1st Edition

Digital Humanities and the Lost Drama of Early Modern England
Ten Case Studies

ISBN 9780367879099
Published December 12, 2019 by Routledge
212 Pages

USD $47.95


This book establishes new information about the likely content of ten lost plays from the period 1580-1642. These plays’ authors include Nashe, Heywood, and Dekker; and the plays themselves connect in direct ways to some of the most canonical dramas of English literature, including Hamlet, King Lear, The Changeling, and The Duchess of Malfi. The lost plays in question are: Terminus & Non Terminus (1586-8); Richard the Confessor (1593); Cutlack (1594); Bellendon (1594); Truth's Supplication to Candlelight (1600); Albere Galles (1602); Henry the Una (c. 1619); The Angel King (1624); The Duchess of Fernandina (c. 1630-42); and The Cardinal's Conspiracy (bef. 1639). From this list of bare titles, it is argued, can be reconstructed comedies, tragedies, and histories, whose leading characters included a saint, a robber, a Medici duchess, an impotent king, at least one pope, and an angel. In each case, newly-available digital research resources make it possible to interrogate the title and to identify the play's subject-matter, analogues, and likely genre. But these concrete examples raise wider theoretical problems: What is a lost play? What can, and cannot, be said about objects in this problematic category? Known lost plays from the early modern commercial theatre outnumber extant plays from that theatre: but how, in practice, can one investigate them? This book offers an innovative theoretical and practical frame for such work, putting digital humanities into action in the emerging field of lost play studies.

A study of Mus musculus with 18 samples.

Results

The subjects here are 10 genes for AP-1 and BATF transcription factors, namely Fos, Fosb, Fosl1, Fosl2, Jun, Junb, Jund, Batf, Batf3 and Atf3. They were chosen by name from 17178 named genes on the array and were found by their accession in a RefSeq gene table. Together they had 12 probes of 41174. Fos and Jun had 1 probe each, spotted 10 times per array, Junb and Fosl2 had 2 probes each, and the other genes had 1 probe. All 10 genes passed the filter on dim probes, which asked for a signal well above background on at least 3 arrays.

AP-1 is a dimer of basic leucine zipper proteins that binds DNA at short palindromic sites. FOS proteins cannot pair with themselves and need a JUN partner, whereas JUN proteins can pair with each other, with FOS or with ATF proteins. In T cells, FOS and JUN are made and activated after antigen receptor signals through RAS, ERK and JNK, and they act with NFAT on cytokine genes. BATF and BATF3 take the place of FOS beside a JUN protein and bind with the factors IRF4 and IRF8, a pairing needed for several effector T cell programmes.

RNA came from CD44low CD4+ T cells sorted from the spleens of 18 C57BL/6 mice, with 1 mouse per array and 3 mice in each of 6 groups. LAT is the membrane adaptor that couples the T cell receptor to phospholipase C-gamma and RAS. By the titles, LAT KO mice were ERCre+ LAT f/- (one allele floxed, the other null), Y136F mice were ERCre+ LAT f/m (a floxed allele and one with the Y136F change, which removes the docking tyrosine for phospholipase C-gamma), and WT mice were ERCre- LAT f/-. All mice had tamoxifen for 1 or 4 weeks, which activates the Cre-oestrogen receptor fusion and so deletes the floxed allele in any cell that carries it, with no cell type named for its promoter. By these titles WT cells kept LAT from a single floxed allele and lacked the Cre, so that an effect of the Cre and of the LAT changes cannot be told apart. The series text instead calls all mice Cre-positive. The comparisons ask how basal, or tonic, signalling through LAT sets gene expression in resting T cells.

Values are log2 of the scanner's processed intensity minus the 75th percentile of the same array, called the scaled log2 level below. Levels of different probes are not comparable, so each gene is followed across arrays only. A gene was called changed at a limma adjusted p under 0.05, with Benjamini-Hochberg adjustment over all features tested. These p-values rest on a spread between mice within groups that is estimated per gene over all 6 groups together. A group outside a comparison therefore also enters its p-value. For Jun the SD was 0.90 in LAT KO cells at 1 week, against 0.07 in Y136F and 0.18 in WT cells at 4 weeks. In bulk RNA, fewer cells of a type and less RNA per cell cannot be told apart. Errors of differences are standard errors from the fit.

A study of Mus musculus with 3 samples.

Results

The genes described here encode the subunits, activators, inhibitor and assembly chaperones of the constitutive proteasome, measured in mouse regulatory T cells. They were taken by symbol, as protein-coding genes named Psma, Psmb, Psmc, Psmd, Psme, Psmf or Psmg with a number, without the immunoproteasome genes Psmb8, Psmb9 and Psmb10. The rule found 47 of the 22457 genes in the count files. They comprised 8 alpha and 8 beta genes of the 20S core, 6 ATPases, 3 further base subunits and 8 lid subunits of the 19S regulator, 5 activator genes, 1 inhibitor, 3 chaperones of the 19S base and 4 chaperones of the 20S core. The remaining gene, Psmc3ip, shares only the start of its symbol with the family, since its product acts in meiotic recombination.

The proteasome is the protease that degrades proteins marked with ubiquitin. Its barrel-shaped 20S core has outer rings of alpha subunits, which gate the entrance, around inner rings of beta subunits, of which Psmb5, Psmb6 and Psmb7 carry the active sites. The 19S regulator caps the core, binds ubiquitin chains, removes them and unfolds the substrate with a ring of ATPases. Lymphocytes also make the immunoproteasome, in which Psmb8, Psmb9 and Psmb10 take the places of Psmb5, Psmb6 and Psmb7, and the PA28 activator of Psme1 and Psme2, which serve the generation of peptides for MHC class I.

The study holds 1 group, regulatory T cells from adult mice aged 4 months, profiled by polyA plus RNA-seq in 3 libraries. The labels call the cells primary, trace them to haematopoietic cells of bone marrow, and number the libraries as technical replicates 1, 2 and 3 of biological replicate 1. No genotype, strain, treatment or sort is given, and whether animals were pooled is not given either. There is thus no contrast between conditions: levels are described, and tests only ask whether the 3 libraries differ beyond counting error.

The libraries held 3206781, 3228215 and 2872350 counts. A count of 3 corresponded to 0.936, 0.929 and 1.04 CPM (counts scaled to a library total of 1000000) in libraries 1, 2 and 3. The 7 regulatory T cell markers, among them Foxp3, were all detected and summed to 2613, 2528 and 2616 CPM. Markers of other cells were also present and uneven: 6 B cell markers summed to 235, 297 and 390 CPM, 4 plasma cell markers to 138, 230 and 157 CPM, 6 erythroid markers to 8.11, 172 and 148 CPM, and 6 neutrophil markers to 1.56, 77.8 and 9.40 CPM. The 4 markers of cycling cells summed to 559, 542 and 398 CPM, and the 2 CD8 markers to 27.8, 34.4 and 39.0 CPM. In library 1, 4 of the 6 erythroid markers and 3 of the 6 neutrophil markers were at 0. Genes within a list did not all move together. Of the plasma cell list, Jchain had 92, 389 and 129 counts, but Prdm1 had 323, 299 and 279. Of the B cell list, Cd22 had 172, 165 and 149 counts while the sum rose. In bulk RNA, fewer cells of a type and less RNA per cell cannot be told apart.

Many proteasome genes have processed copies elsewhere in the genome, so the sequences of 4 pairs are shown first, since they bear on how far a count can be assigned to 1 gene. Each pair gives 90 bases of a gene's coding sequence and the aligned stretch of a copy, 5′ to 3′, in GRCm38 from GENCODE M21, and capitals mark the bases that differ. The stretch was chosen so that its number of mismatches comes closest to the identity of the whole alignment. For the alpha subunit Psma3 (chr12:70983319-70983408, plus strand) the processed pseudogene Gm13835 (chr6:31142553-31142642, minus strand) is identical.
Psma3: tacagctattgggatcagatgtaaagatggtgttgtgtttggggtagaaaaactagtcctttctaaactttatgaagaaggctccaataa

Table of Contents

Contents: Introduction; Thomas Nashe and Robert Mills, Terminus & Non Terminus (1586-1588); Richard the Confessor (1593); Cutlack (1594); Bellendon (1594); Thomas Dekker, Truth's Supplication to Candlelight (1600); Thomas Heywood and Wentworth Smith, Albere Galles (1602); Henry the Una (c. 1619); The Angel King (1624); Henry Glapthorne, The Duchess of Fernandina (c. 1630-1642); The Cardinal's Conspiracy (bef. 1639); Conclusion; Works cited; Index.